From the Editor’s Desk
The father of every daughter must eventually face the day his daughter brings home some goofy guy his little girl has unaccountably fallen for. Not having a daughter, I was spared that moment, but I can relate having been on the other side of that moment.
Laura and I weren't kids when I was first presented to her parents, and they had learned to trust her mature judgment. But in the nearly two decades since that day, I'm sure I gave her father more than one head-shaking moment.
One of the best and strangest things about relationships is the suddenly enlarged family. My new relatives and the young ones who appeared since have wonderfully expanded and enriched my life. But just like in the primary couple relationship, there are areas of agreement and areas of bewilderment in the in-law relationship. It's a good thing, and it encourages growth.
I was reminded again this weekend, that you can never take tomorrow for granted. On a basic level, I blew it with Laura's father.
He retired from a career in the ministry soon after I met him. Retired was a relative word, and in his case it meant taking a smaller parish closer to Baldwin, where he and his school-teacher wife chose to retire. After about eight years at that retirement meant taking an active roll in the community life in the town where he and his wife ended their nomadic careers. It meant serving on the site plan review board, being a regular at the city council, taking active roles in political campaigns, and a never-ending commitment to the church. He helped oversee the church's food pantry and an obsessive personality, he would visit the church early in the morning to make sure visiting teens had turned down the thermostat and the lights were off.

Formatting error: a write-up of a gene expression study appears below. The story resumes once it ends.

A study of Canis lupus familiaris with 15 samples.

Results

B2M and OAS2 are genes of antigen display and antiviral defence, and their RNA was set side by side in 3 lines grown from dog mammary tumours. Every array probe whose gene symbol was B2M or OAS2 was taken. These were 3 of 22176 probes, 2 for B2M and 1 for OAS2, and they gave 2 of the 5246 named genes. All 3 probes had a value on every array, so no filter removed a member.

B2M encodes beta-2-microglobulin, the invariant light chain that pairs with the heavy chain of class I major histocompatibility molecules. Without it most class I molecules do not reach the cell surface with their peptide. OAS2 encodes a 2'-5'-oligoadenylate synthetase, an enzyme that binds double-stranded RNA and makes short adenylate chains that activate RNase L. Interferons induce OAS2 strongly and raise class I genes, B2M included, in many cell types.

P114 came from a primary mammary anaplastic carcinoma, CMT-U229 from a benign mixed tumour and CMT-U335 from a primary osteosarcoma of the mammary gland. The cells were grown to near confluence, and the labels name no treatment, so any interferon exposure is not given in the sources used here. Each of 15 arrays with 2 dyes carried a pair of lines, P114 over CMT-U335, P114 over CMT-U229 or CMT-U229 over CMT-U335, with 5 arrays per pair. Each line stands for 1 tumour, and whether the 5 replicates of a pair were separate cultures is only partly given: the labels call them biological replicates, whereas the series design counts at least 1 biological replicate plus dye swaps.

Other than all this motion, his one true passion was a theological discussion. That's not my cup of tea and I've always seen the wisdom in avoiding conversations about religion or politics. But I think with engaging in that conversation with him, I couldn't really know him at the most basic level or him me. I always assumed we would have that talk someday and I even saved things I thought would interest him.
There was always tomorrow and then suddenly there wasn't. And not for the first time in my life, I'm left with regret.
My granddad told me stories he apparently didn't tell his children, or if the did they didn't remember them. I find both possibilities strange, because he told me them many times. One was less a story than an observation in stories about his dad, who was a member of the Socialist Party in the late 1800s and early 1900s. Those were the days that Eugene V. Debs won 6 percent of popular vote for president in 1912.
My great grandfather ran unsuccessfully for state and local offices on the Socialist ticket and in his dedication to party principles took in Socialists writers so that they could do their important work of cranking out books critiquing the prevailing decadent capitalist culture. My granddad, by then a Reagan Republican, would tell me the names of those writers who stayed with the family with some reverence -- as though I ought to know them. I didn't, of course, and they may have been obscure to all but party faithful at the height of their fame. I didn't ever write down their names for further research even when granddad told me of one female writer, "I think these days she's what they would call a pervert." One would think that would prompt a question, but to my everlasting regret, I didn't even ask granddad to explain.
What would have been so easy is now impossible and lost. But I didn't learn and let a far more important chance to grow and learn slip away.
Time isn't guaranteed. Take advantage of what you have.